Andrew Kathindi and Kandjemuni Kamuiiri
The Ministry of Health and Social Services (MoHSS) is forging ahead with the procurement of AstraZeneca through the COVAX Facility, despite confirming that the South African variant of COVID-19 known as 501.V2, is in Namibia.
Health Minister Kalumbi Shangula confirmed to Windhoek Observer that the Namibia will still receive AstraZeneca through the COVAX Facility, but, however downplayed its ineffectiveness against the variant.
On why Namibia is going ahead with procuring a vaccine that studies deemed ineffective, Shangula said, “No, no, don’t say so. You have no evidence or grounds to say it is useless. Those were the preliminary findings. It was a small, small sample, so you cannot use information from that small sample to make a policy decision. It works.”
The vaccine meant to cure COVID-19 was suspended from distribution by the South African government with efforts made to send it back to the manufacturer, after studies found the vaccine to be ineffective.
According to South Africa’s media reports, the most recent phase of the study, which found the ineffectiveness of the AstraZeneca vaccine on 501.V2, was carried out on 2,000 people whose average age was 31.
Shangula, who suspected that the variant was in Namibia since last December, stated that the ministry has been handling its approach to the spread of COVID-19 like the variant was already here while waiting for confirmation of Genomic Sequencing results from the National Institute for Communicable Diseases (NICD) in South Africa, which was delayed by three months.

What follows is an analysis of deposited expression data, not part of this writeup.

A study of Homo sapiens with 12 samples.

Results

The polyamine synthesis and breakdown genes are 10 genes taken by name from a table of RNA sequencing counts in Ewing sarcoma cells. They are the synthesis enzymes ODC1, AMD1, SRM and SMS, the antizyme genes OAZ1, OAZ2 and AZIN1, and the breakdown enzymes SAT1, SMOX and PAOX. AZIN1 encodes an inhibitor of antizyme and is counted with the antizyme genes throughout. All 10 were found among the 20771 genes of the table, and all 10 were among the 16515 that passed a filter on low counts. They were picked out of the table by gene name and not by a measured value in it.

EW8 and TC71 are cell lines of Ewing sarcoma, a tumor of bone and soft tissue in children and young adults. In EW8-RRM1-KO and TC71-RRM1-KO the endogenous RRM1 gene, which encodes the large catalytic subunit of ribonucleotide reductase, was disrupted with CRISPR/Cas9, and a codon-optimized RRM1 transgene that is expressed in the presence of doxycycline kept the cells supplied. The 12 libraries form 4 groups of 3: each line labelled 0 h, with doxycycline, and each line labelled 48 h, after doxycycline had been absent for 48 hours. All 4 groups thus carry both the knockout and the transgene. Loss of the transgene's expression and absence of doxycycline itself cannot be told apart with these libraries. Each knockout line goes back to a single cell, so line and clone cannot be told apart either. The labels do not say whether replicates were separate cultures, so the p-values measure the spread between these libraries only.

The variant was detected in sixteen 16 samples from ten regions in Namibia out of 81 samples were successfully sequenced and analyzed.
“And it is not only in South Africa and Namibia, all the countries in Africa have the same variant. The variant is the same as the one which we used to have. It’s not only now, it has been with us since last year. All the time, we were handling things like it was already here.”
The Minister downplayed the new variant being stronger than the old strain, despite a high spike in new cases, which was closely linked to the new variant.
The Centre for Disease Control (CDC) Namibian Country Director, Eric Dziuban, previously told Windhoek Observer “The new strains of the coronavirus first discovered in the UK and South Africa appear to spread even easier than the original COVID-19 virus, but there is no evidence yet that they are more harmful for the person who gets infected.”
The Minister’s comments on the vaccine, however come after the Health ministry had indicated that they would request a different vaccine should the variant be confirmed to be spreading in Namibia.
“We have not spent money on the AstraZeneca vaccine. We have spent money to participate in the COVAX facility, which has many vaccines. We can surely state our preferences. As a sovereign country, we have that right. Because the rollout of the vaccine depends on a number of factors. I don’t think it can be that we’re forced to take a particular vaccine,” Health Executive Director, Ben Nangombe, previous told Windhoek Observer.
Namibia has thus far spent over N$28 million for the vaccine. The total proposed budget for Namibia’s Deployment and Vaccination Plan for COVID-19 vaccines is N$583 068 783.84, of which N$484 800 000 is for actual procurement of the AstraZeneca vaccines.
According to the Africa Data Hub, 22 African countries have already received the COVID-19 vaccine. Shangula previously stated Namibia will receive its doses of the vaccine this month.